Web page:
I may be the only person alive who still remembers Edith Karr. Those who have children and grandchildren have someone to remember them, to put flowers on a grave, to share pictures and stories and keep them from slipping into oblivion. But if you are a maiden aunt or bachelor uncle without children to remember you, you tend to disappear off the family tree until your name and your SELF is forgotten. I write about her now so that she is remembered.
This is the only picture I have of her, and it’s terrible:
When I was a child, Edie was already in her late 70’s and just seemed old and quiet and awkward with children. I wasn’t quite sure how we were related, actually, but she was my great-grandmother’s cousin, my first cousin three times removed. Because of her age, “Aunt” was appropriate, though she always referred to herself as “Cousin Edie.” She wore dresses, stockings and sensible shoes with a short pearl necklace, her dark hair rolled back in a kind of 40’s hairstyle. She had thick dark eyebrows which looked a little like caterpillers on her forehead (okay, I was a kid and it wasn’t a kind thought). Edie didn’t have a car or know how to drive so she took busses to work and to go shopping from her small apartment, where she lived alone for almost 30 years. But before that, she and her mother spent almost 30 years living two blocks from the home where my grandfather grew up.
Edith A. Karr was born on 15 November 1886 in Manhattan, New York, the second child of Daniel Karr and Martha (Mattie) V. Heginbotham. Her only sibling, older brother Harry, was born in December 1884 just nine months after their parents were married. Daniel was a hatter as was Martha’s father, Thomas Heginbotham. In fact, all of the Heginbothams worked in the New York City hat trade, so it is probable that Martha and Daniel met through her father Thomas.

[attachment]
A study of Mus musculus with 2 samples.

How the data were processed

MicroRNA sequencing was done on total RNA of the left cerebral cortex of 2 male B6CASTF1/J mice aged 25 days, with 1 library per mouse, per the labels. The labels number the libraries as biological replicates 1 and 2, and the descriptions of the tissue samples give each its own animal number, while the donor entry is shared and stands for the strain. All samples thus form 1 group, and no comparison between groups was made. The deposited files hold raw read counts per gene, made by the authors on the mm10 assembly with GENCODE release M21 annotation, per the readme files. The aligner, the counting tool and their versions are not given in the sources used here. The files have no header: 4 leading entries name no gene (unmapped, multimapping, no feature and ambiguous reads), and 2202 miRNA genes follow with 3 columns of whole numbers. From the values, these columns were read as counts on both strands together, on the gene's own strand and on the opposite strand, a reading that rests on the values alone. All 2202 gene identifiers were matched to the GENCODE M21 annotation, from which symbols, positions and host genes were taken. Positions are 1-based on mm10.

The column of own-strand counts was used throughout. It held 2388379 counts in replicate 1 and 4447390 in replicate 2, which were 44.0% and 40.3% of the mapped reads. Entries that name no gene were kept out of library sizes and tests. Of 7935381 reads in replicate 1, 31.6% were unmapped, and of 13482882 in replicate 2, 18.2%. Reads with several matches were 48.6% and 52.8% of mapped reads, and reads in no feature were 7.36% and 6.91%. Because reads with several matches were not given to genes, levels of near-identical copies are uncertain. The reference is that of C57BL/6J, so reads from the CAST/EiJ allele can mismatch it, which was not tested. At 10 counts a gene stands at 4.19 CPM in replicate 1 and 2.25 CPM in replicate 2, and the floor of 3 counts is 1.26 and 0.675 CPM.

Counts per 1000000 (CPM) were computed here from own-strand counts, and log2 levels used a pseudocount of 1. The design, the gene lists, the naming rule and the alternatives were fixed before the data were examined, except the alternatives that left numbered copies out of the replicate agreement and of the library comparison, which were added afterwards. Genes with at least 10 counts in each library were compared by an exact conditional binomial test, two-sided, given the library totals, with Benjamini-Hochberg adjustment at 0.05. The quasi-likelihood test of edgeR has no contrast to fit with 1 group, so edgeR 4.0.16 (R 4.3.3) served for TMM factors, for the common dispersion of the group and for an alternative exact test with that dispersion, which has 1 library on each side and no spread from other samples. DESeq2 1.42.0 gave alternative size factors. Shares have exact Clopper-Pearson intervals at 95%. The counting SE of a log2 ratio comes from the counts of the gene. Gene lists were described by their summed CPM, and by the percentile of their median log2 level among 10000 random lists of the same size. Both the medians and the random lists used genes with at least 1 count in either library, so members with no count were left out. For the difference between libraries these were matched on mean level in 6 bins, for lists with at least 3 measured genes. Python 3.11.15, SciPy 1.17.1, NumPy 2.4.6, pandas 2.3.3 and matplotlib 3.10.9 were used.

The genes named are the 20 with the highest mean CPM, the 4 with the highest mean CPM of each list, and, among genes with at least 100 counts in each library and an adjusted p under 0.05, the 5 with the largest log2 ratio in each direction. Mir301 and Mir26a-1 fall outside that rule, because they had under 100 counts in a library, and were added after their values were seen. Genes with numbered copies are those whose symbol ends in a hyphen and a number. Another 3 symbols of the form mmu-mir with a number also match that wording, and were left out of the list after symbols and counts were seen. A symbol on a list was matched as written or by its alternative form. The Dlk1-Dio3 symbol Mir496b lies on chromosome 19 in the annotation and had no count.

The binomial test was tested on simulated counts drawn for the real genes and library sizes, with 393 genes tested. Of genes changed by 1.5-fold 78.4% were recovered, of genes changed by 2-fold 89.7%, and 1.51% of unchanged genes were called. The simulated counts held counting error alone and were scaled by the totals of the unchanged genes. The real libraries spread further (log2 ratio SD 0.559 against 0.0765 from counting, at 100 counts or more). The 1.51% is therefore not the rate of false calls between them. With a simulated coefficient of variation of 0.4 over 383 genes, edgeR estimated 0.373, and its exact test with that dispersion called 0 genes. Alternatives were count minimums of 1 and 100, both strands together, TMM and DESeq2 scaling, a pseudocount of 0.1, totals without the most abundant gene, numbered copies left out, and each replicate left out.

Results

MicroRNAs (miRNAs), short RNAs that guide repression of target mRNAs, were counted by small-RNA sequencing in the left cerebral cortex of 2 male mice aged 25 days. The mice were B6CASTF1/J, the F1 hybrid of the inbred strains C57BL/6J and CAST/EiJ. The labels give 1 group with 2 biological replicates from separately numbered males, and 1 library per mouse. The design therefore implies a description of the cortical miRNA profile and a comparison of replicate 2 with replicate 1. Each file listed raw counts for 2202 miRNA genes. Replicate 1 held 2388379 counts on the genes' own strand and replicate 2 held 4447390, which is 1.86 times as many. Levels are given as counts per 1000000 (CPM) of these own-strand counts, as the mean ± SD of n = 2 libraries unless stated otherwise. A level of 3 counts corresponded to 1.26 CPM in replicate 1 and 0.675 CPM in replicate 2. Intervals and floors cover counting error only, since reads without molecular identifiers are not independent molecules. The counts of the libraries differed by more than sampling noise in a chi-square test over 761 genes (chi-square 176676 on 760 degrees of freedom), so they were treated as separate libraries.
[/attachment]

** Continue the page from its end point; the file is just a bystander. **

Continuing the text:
The Karr (or Carr) family lived in New York and was recorded in the 1890 New York Police Census. By 1895 Martha and her children were living without Daniel in Belleville, New Jersey, with a house full of Martha’s Heginbotham relatives. Since Martha is listed as widowed in the 1900 census, it seems likely that Daniel’s death was the reason she and the children moved across the river to New Jersey to live with family.
It was a crowded household with thirteen people. Martha Karr herself (incorrectly listed as Matilda, probably because she was known as Mattie) was there with children Harry and Edie, as were Martha’s sister Sarah White and her husband Thomas with their three children. Unmarried sisters Ann and Mary Heginbotham were also there, with bachelor brother Thomas Heginbotham, and Louis and Jennie Huxtable. The family was still largely together in Belleville in 1900 but had split into two households: Thomas, Ann, and Mary Heginbotham lived with their sister Martha, Harry and Edie, who were both attending school. Next door were Martha’s sister Sarah White with her husband Thomas and 5 children.
Nineteen year old Edie struck out on her own by 1906, when she worked as a stenographer in Newark and was a boarder living apart from her family. That didn’t last long; in 1910 she was back living with her mother, brother, aunts and uncles, though she was still working as a stenographer for a chemical company. She lived with her mother on Highland Avenue in Newark until Martha’s death in 1951, doing stenography and office work until she retired. That home on Highland Avenue was two blocks away from Martha’s sister Alice and her daughter Charlotte Flanders, my great-grandmother and Edie’s cousin.
I didn’t know that about her until this week when I used GoogleMaps to check the location. I don’t know what she liked to do in her free time, whether she had goals she wanted to accomplish, whether she cried herself to sleep out of loneliness or was content with her long unmarried life. Since I am also an unmarried aunt, I take this as a reminder to stay connected to the family I have. To make phone calls, send letters, be involved in their lives as much as I can from a distance.
Edith Karr worked full time at a time when most women were home raising children, listing their occupation as “keeping house” on census records. She lived with and supported her mother until she was 64, and lived with assorted aunts and uncles for many years. But she lived a very long life dedicated to her family and friends, even if I didn’t know them. My grandfather lived close by and was more Edie’s nephew than cousin. He took her to doctor’s appointments in her later years and brought her to my beloved Manasquan for short vacation breaks. And when she died at age 93 in 1980, he paid for her cremation and burial in the Christ Church Cemetery in Belleville next to her mother, aunts, cousins, and grandfather. She was no longer alone.